First, another name for a proper topology on a function space is *splitting topology*, and other names for an admissible topology are *approximating topology* and *conjoining topology*. This may be of aid in further Google searches.

Here are some basic facts:

Any topology that is coarser (smaller) than a proper topology is also proper. Any topology that is finer (larger) than an admissible topology is also admissible. (The proofs are easy.)

Any proper topology on $C(X, Y)$ is coarser than any admissible topology on $C(X, Y)$. See Lemma 2.2 here. It follows that any proper topology is contained in the intersection of all admissible topologies.

The intersection of all admissible topologies is a proper topology, called the *natural topology* on $C(X, Y)$. (This is subsumed under Proposition 5.13 that is cited below, but see also here.)

It follows that the natural topology is the unique maximal topology among all proper topologies: a topology is proper iff it is coarser than the natural topology. The natural topology is in general not admissible; it is admissible iff $C(X, Y)$ is an exponential object (i.e., represents the functor $\hom_{\text{Top}}(- \times X, Y): \text{Top} \to \text{Set}$ in the usual sense of category theory: there is an isomorphism $\hom_{\text{Top}}(-, C(X, Y)) \cong \hom_{\text{Top}}(- \times X, Y)$, induced in Yoneda-wise fashion from a map $C(X, Y) \times X \to Y$ which is the evaluation map).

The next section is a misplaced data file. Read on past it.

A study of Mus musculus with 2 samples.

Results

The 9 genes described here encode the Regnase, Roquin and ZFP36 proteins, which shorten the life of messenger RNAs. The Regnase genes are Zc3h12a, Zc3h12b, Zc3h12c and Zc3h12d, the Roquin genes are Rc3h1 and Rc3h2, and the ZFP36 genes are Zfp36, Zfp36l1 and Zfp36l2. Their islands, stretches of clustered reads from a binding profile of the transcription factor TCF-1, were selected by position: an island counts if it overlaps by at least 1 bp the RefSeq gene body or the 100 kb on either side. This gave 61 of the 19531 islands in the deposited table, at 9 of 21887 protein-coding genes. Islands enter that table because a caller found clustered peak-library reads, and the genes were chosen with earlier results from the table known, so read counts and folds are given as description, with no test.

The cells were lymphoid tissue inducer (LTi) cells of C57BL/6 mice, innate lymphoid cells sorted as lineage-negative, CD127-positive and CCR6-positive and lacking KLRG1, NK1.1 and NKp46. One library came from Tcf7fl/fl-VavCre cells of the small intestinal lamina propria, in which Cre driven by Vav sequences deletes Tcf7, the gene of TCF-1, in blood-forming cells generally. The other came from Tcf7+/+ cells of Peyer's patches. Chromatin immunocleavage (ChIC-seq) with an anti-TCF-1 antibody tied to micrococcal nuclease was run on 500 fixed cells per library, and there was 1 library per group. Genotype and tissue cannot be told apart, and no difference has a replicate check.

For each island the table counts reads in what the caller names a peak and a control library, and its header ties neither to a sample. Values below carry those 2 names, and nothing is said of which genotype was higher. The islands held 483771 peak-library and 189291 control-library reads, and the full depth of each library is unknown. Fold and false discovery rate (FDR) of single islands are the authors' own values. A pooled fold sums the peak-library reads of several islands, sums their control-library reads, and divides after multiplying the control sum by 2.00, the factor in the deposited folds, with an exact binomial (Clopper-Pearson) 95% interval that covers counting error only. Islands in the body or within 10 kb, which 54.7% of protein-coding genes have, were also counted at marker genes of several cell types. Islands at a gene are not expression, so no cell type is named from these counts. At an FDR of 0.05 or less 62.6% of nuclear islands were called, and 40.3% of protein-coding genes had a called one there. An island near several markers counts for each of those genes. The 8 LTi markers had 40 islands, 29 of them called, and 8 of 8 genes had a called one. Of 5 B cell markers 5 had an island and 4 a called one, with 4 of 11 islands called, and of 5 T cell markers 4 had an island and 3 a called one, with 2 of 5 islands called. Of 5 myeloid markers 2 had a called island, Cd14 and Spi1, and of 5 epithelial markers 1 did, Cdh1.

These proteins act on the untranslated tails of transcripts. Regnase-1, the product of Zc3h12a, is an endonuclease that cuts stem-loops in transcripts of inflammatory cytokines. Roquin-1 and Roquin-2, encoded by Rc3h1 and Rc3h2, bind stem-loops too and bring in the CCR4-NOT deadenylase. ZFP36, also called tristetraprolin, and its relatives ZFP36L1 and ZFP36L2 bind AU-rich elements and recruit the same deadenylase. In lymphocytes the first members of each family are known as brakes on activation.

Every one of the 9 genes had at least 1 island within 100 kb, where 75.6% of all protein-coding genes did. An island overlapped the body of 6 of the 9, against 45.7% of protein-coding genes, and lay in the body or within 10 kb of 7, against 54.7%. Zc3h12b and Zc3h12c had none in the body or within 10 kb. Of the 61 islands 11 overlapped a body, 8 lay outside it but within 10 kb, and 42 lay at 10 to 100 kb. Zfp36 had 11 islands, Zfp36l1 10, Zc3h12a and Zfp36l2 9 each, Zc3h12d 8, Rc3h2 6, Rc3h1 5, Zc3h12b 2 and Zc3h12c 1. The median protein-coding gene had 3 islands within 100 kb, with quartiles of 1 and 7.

So a reasonable answer to the question is given by understanding a little more concretely the natural topology on $C(X, Y)$. It may be described in terms of filter convergence as follows: let us say that a filter $\Phi$ on $C(X, Y)$ *converges continuously* to $f \in C(X, Y)$ if, whenever a filter $\mathcal{G}$ on $X$ contains the filter of neighborhoods of $b \in X$, then the filter on $Y$ generated by the filter base $\{F(G): F \in \Phi, G \in \mathcal{G}\}$ contains the filter of neighborhoods of $f(b)$, where we put $F(G) := \bigcup \{f(G): f \in F\}$. As usual when we have a filter convergence relation, we go on to define $U \in C(X, Y)$ to be *open* with respect to continuous convergence if $U$ belongs to any filter $\Phi$ that converges to a point in $U$.

**Theorem** (see Proposition 5.13 here): For any spaces $X, Y$, the topology of continuous convergence on $C(X, Y)$ coincides with the natural topology on $C(X, Y)$.

In summary: a topology $T$ on a function space $C(X, Y)$ is proper iff every $T$-open is also an open of every topology for which the evaluation map is continuous; equivalently, is an open with respect to continuous convergence.